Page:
Thursday June 21, 2018

Salmonella Outbreak Linked To Pre- Cut Melon Sickens 60 People

Officials said people should throw away or return recalled products.

The U.S. Centers for Disease Control and Prevention said Caito Foods LLC on June, 8, 2018, recalled pre-cut watermelon, honeydew melon, cantaloupe and fruit medleys containing at least one of those melons that were produced at its facility in India, VOA

The Centers for Disease Control and Prevention said Caito Foods LLC on Friday recalled pre-cut watermelon, honeydew melon, cantaloupe and fruit medleys containing at least one of those melons that were produced at its facility in Indianapolis.

It said the five states where people were sickened were Illinois, Indiana, Michigan, Missouri and Ohio. The CDC said the fruit was also distributed to stores in Georgia, Kentucky and North Carolina. It was sold in clear plastic clamshell containers at Costco, Jay C, Kroger, Payless, Owen’s, Sprouts, Trader Joe’s, Walgreens, Walmart and Whole Foods/Amazon.

Salmonella Bacteria
Salmonella Bacteria, Pixabay

Officials said people should throw away or return recalled products.



Embarking on a 'new journey'

Kelly Oliveira reacts after becoming a U.S. Citizen during a naturalization ceremony in Baltimore, Maryland. VOA

When Brazilian native Kelly Oliveira signed up for the U.S. Army through a program that offered her citizenship for her service, she thought she had it made.

But it took two years for the army to work through the added background checks. During that time she struggled to remain legal.

Oliveira finally made it through the process and was sworn in as a citizen last week.

She took the oath on a day designated to honor the U.S. flag, a group of 28 people from 18 countries became American citizens at the historic house where the flag that inspired the national anthem was made.

“I learned to love this country that I adopted as my own. … I’ve always [thought] of myself as an American by heart,” she said.

But it took 13 years to make it official. On a day designated to honor the U.S. flag, a group of 28 people, including Oliveira, from 18 countries became American citizens at the historic house where the flag that inspired the national anthem was made.

“It’s been a long journey. … Of course there were moments that I was thinking ‘Should I continue waiting?’” she said.

Oliveira’s wait was due to changes in a military program called Military Accessions Vital to the National Interest program, or MAVNI reported on by VOAlast December. It was launched in 2009 to bring immigrants with medical or language skills into the armed services.

Kelly Oliveira examines paperwork before her naturalization ceremony in Baltimore, Maryland.
Kelly Oliveira examines paperwork before her naturalization ceremony in Baltimore, Maryland. VOA

She enlisted in the Army in March 2016 under MAVNI, which promised her citizenship in exchange for service.

Enlisting for status

Oliveira had tried other ways to stay legal. But nothing worked.

“I went to school and I had my OPT, and I got a teaching position job as a preschool teacher,” Oliveira said.

The OPT or Optional Practical Training allows international students with an F-1 visa to work in the U.S. for up to one year in a field related to their studies. She tried to get a work visa through the schools where she was employed at the time.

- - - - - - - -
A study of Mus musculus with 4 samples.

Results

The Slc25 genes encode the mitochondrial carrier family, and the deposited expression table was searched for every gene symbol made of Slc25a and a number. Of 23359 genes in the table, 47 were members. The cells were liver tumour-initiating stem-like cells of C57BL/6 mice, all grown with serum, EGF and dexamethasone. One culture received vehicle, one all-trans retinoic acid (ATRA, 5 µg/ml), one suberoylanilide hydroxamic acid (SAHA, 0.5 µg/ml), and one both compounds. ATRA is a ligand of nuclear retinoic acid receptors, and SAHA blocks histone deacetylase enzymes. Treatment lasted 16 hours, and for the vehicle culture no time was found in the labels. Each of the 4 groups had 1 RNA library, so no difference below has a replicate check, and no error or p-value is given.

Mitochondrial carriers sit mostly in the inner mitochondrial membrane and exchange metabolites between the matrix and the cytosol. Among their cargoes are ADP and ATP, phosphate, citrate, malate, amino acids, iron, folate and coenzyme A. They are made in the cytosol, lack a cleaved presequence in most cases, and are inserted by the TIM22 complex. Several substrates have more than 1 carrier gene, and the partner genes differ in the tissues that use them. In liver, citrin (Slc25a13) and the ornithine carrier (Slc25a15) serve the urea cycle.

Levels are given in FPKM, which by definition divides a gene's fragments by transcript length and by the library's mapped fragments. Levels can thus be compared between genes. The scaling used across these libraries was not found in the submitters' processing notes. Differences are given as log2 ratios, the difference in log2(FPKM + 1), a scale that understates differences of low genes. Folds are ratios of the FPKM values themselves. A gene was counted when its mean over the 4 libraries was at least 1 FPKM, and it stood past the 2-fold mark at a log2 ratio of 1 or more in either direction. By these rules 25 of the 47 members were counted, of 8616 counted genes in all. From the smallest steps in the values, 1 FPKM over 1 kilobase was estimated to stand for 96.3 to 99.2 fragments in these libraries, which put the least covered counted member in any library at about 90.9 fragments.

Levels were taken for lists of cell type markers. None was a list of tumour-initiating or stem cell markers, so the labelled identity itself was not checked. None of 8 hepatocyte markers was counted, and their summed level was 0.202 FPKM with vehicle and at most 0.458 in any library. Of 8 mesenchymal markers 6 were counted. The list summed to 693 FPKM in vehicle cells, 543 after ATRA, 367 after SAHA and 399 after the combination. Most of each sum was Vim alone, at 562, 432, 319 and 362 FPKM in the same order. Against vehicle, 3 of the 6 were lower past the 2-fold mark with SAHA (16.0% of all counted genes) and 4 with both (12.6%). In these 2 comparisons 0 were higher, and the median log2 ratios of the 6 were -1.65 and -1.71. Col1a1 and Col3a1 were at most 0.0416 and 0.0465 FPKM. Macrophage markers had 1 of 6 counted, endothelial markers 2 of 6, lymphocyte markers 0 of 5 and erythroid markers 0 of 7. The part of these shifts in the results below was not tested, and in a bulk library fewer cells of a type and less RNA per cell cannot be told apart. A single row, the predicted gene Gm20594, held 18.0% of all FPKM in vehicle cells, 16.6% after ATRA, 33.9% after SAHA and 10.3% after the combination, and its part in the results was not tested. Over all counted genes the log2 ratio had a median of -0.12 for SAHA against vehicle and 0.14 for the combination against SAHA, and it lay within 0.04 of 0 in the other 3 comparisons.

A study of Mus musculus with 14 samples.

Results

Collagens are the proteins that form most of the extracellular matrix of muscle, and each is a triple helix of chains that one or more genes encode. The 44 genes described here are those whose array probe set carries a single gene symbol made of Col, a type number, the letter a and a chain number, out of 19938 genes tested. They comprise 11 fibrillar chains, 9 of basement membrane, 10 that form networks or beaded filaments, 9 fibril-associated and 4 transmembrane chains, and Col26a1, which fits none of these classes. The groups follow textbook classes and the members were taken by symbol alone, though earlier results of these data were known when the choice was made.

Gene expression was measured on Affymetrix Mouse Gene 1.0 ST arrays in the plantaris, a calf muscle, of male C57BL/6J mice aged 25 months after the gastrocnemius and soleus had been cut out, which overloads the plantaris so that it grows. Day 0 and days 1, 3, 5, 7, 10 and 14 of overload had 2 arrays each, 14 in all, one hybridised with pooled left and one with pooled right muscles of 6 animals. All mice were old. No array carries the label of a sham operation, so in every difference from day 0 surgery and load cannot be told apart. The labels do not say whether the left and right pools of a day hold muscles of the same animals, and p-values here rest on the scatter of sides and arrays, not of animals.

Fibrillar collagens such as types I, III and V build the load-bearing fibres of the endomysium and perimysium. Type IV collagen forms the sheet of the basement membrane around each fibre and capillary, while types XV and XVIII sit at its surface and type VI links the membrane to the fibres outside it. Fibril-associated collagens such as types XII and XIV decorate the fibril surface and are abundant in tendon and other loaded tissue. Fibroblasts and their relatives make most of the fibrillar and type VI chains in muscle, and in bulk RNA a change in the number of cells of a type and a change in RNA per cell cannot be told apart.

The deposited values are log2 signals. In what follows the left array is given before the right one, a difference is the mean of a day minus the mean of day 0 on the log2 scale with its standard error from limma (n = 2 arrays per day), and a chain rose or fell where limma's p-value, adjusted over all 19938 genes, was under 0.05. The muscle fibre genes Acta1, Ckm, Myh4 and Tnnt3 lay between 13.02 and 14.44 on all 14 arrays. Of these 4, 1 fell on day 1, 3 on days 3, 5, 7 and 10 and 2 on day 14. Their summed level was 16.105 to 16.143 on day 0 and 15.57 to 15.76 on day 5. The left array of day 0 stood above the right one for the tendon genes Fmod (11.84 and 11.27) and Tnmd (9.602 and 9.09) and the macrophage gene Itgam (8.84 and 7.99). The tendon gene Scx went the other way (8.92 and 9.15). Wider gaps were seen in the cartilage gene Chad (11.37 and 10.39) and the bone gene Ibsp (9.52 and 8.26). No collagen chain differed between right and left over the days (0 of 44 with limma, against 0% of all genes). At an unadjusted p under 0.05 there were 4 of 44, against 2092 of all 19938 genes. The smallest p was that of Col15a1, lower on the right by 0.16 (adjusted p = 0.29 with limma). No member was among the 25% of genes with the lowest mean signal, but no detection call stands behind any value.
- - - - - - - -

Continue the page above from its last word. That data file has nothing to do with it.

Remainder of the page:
“Unfortunately the school where I was working at; they could not [sponsor] me,” she said.

That’s when she entered the MAVNI program. But on June 2016, the program was shut down, which affected Oliveira’s enlistment.

The U.S. government retroactively required background checks on anyone who had enlisted in the military through the MAVNI program, including anyone who was currently serving or waiting to be shipped to basic training.

For Oliveira that meant a two-year wait. She went to training drills and struggled to stay legal.

Those who witnessed her journey said it was tough. “I don’t think I’d be able to do it because it’s, I mean, it’s been a, it’s been a long journey. It’s been a struggle and it’s, it’s been like a nightmare,” Lauren Schroeder, a D.C. native who has been friends with Oliveira for many years, told VOA.

“I mean the down was the fact that it took so long. And I guess the up is that she was able to join the military and get a citizenship that way. So finally, it happened,” Schroeder said.

Kelly Oliveira, during her naturalization ceremony in Baltimore, Maryland
Kelly Oliveira, during her naturalization ceremony in Baltimore, Maryland, VOA

Embarking on a ‘new journey’

Margaret Stock, a retired Army lieutenant colonel who created the MAVNI program, told VOA she is not surprised by Oliveira’s successful story.

“That’s what’s supposed to happen. They’re eligible for citizenship and they’re supposed to be able to get it quickly,” Stock said.

But the retired Army lieutenant colonel said, even though there are stories like Oliveira’s, lots of recruits are still falling out of status due to the additional checks.

“So people are timing out and they can’t ship out to basic training until the [U.S. government] completes all these background checks,” she said.

In a previous interview with VOA, Stock said everyone who wants to serve in the military has to go through background checks but the government was already doing a lot more background checking on the MAVNIs.

“They are the most checked group of people that entered the U.S. military,” Stock said adding this is an investigation normally done on someone getting top-secret clearance with the U.S. government.

On Flag Day, Oliveira signed the papers. She checked in with immigration officials. Then the ceremony started.